By TRISTAN SCOTT
Tom Britz has spent a lot of time “learning” on his experimental hops ranch near Whitefish.
That’s not to say he isn’t also growing prodigious amounts of hops, which in turn will produce beer. But for now, Britz’s primary aim as a hop rancher is science.
What began as a 1-acre, postage-stamp field of rhizomes – a research project, sponsored by the Montana Department of Agriculture and two local breweries – has entered its second season and is now producing verdant, hearty bines, not vines, that are festooned with hops, the cone-like flower used as a flavoring and stabilizing agent in beer, which imparts a bitter, tangy characteristic.
Britz recently procured the first commercial hop harvester in Montana, a German-built Wolf hop harvester, and later this month craft beer aficionados from two area breweries – Great Northern Brewing Company in Whitefish and Tamarack Brewing Company in Lakeside, both of whom have invested capital in the project – will help harvest his burgeoning crop for their seasonal, fresh-hopped craft ales.
He believes those beers will prove a point about artisan-crafted brewing, but affirmation of that proof will come from the brewers, as well as the beer drinkers.
With 40 varietals growing at his ranch on KM Ranch Road, which hugs the same 48th latitude as the premium hop fields of Munich and the Hallertau region of Germany, Britz is at the vanguard of a project to determine if hops can be grown on a commercial scale in Northwest Montana, a region that shares characteristics with the best hop-growing areas in the world.
It’s a capital-intensive crop, with a single acre costing between $12,000 and $15,000 to establish and requiring some 500 hours of labor annually to maintain.
The idea to grow hops on Britz’s ranch began with Pat McGlynn of Montana State University’s Flathead County Extension. McGlynn wanted to see if hops could grow on a large scale in the area and, to support the effort, the state Department of Agriculture put up $11,820, and Great Northern Brewing Company and Tamarack Brewing Company matched it.
Last summer, the Department of Agriculture brought its Growth Through Agriculture Council to Britz’s ranch to inspect the future hops crop, which at the time were barely inching their way up the compostable, coconut-husk vine-training cords hanging from a trellis.
On a recent visit to Britz’s ranch, the crops had exploded into 18-foot high beanstalks resembling a veritable canopy of green.
Last winter, Britz applied for and received another, larger $42,000 GTA grant for the second phase of his project to determine if commercial harvesting is feasible, and whether there is demand for the niche he’s trying to fill – the production of artisan, hand-crafted, Montana-grown beer of a premium quality.
In the past, Montana has mostly produced wheat and beef, but following Britz’s example, the state’s farmers and ranchers may start casting an eye at other agricultural wares as well.
“We are, from a latitude perspective, sitting at ground zero in terms of growing hops,” Britz said. “We know we can grow it, but then what are you going to do with it?”
The answer to that question came during a conversation with Great Northern Brewing Company general manager Marcus Duffey.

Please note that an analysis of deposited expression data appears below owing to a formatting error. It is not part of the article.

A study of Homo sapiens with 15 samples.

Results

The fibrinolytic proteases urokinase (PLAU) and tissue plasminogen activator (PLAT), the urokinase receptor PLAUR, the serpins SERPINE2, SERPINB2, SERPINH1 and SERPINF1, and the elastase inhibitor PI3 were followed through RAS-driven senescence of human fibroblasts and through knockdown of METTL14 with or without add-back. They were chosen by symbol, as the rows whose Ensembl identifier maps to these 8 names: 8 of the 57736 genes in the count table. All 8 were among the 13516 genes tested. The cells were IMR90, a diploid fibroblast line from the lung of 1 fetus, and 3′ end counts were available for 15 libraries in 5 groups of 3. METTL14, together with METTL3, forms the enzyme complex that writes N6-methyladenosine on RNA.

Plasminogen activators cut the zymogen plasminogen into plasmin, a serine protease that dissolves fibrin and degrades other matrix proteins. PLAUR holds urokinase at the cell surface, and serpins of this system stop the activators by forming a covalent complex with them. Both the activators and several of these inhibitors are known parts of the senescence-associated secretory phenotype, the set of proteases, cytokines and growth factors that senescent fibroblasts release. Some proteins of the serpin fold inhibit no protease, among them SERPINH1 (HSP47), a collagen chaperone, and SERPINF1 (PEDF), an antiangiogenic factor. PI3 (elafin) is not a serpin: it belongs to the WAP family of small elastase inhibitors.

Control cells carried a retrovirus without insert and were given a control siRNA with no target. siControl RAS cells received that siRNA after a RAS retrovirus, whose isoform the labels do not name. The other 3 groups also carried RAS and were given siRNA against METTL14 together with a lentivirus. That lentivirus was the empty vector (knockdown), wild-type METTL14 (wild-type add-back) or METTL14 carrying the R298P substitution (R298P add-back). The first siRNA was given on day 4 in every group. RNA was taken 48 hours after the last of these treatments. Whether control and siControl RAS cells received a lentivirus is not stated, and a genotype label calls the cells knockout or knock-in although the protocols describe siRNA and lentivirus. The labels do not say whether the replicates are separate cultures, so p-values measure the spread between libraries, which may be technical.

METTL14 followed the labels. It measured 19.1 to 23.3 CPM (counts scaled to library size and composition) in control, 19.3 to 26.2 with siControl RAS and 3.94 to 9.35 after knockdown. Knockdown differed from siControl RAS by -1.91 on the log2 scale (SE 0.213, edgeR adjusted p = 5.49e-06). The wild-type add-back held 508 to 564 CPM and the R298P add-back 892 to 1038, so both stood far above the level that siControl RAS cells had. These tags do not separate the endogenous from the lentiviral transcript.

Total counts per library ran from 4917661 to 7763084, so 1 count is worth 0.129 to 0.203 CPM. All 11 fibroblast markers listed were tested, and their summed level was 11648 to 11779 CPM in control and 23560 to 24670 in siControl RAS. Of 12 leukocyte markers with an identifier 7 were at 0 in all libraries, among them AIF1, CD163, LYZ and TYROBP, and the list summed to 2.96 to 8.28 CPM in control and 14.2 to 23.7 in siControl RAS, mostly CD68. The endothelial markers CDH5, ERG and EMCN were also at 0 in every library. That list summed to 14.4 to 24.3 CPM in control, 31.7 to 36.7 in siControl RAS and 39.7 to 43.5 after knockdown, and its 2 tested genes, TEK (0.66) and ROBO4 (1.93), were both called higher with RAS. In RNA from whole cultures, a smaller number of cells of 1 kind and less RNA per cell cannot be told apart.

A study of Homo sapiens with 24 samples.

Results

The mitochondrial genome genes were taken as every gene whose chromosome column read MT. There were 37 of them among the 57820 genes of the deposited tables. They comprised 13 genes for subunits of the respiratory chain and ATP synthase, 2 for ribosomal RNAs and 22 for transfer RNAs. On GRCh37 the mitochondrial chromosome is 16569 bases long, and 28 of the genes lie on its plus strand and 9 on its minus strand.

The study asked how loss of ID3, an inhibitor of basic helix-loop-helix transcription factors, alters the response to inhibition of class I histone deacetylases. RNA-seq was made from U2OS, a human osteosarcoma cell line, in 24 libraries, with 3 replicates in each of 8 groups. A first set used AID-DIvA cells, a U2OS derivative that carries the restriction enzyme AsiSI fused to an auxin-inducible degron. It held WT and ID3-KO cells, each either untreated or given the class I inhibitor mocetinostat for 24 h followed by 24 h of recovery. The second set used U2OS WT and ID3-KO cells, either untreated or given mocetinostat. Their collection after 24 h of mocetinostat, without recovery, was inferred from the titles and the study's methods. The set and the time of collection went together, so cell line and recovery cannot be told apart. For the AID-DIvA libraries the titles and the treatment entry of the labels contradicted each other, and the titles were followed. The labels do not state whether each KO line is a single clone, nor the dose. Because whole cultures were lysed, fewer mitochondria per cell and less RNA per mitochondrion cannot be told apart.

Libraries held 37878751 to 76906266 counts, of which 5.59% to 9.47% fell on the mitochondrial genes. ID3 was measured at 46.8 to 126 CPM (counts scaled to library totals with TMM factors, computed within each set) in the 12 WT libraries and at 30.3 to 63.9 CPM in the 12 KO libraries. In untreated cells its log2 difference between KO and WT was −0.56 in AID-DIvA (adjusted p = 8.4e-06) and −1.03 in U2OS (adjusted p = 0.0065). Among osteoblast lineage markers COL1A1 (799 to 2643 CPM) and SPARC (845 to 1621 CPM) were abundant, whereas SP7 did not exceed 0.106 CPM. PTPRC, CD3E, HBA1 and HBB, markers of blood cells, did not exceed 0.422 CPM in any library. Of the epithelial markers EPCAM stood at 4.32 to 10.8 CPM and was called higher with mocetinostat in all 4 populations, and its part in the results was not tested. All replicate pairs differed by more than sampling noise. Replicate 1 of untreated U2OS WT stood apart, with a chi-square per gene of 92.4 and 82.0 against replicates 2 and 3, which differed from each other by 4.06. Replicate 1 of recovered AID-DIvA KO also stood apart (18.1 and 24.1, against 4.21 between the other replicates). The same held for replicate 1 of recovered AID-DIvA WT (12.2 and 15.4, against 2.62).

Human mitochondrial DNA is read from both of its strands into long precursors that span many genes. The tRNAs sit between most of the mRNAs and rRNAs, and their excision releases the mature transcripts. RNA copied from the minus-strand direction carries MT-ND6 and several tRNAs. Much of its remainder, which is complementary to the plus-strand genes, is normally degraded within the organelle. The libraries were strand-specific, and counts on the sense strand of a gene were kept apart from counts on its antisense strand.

“I asked him if he thought there was demand for hops and he just started laughing. They weren’t able to get enough fresh hops to keep up with demand.”
Enter the Hopfenpfluckmaschine – the 10,000-pound commercial harvester Britz just received from a hops farm in southern Germany, north of Munich.
To prepare for the initial commercial harvest, Britz will spend the coming weeks reassembling the mammoth machinery while also building specialized dryers for the hops, the majority of which will be used in fresh hop ales at the two breweries.
And that’s the niche Britz is working to create.
In the United States, 78 percent of hops are grown in the Yakima Valley of Washington, followed by producers in Oregon and Idaho.
Britz knows that nobody can compete with the Pacific Northwest in terms of growing hops as a major commodity, but he believes he can add value to his crop of hops in another way – by providing them fresh.
The average hop farm in Washington is 660 acres, and hops must be dried, frozen, hammer-milled, pelletized and packaged immediately, or else they start to compost.
But that process, particularly drying the hops at a high heat, compromises the oils that add the most flavorful bouquet to beers.
He likens mass-produced hops to Kraft American cheese, and his hops to a French brie.
“The theory of premium, artisan-crafted beer will remain theory, until I can prove it,” he said. “But the demand exists. When I started two years ago there were 33 licensed brewers in Montana. Today, there are 42, and eight more in the process of becoming licensed.”
Still, Britz’s brand of learning is a tremendous amount of work, and he estimates that it takes 550 hours of labor annually to produce a single acre of hops. An acre will produce bines and hops that collectively weigh 20,000 pounds, and harvesting requires intense manual labor.
But as his hops continue to grow and he continues to learn from the process, smoothing out the rough edges that characterized the early stages of the project, so too grows his excitement.
“It’s been like building an airplane, flying at 350 miles per hour and being shot at,” Britz said of the project. “I’ve skinned my knees so many times. I’ve made a lot of mistakes. But we’re learning so much about hops in Montana. After all, we are building this from scratch.”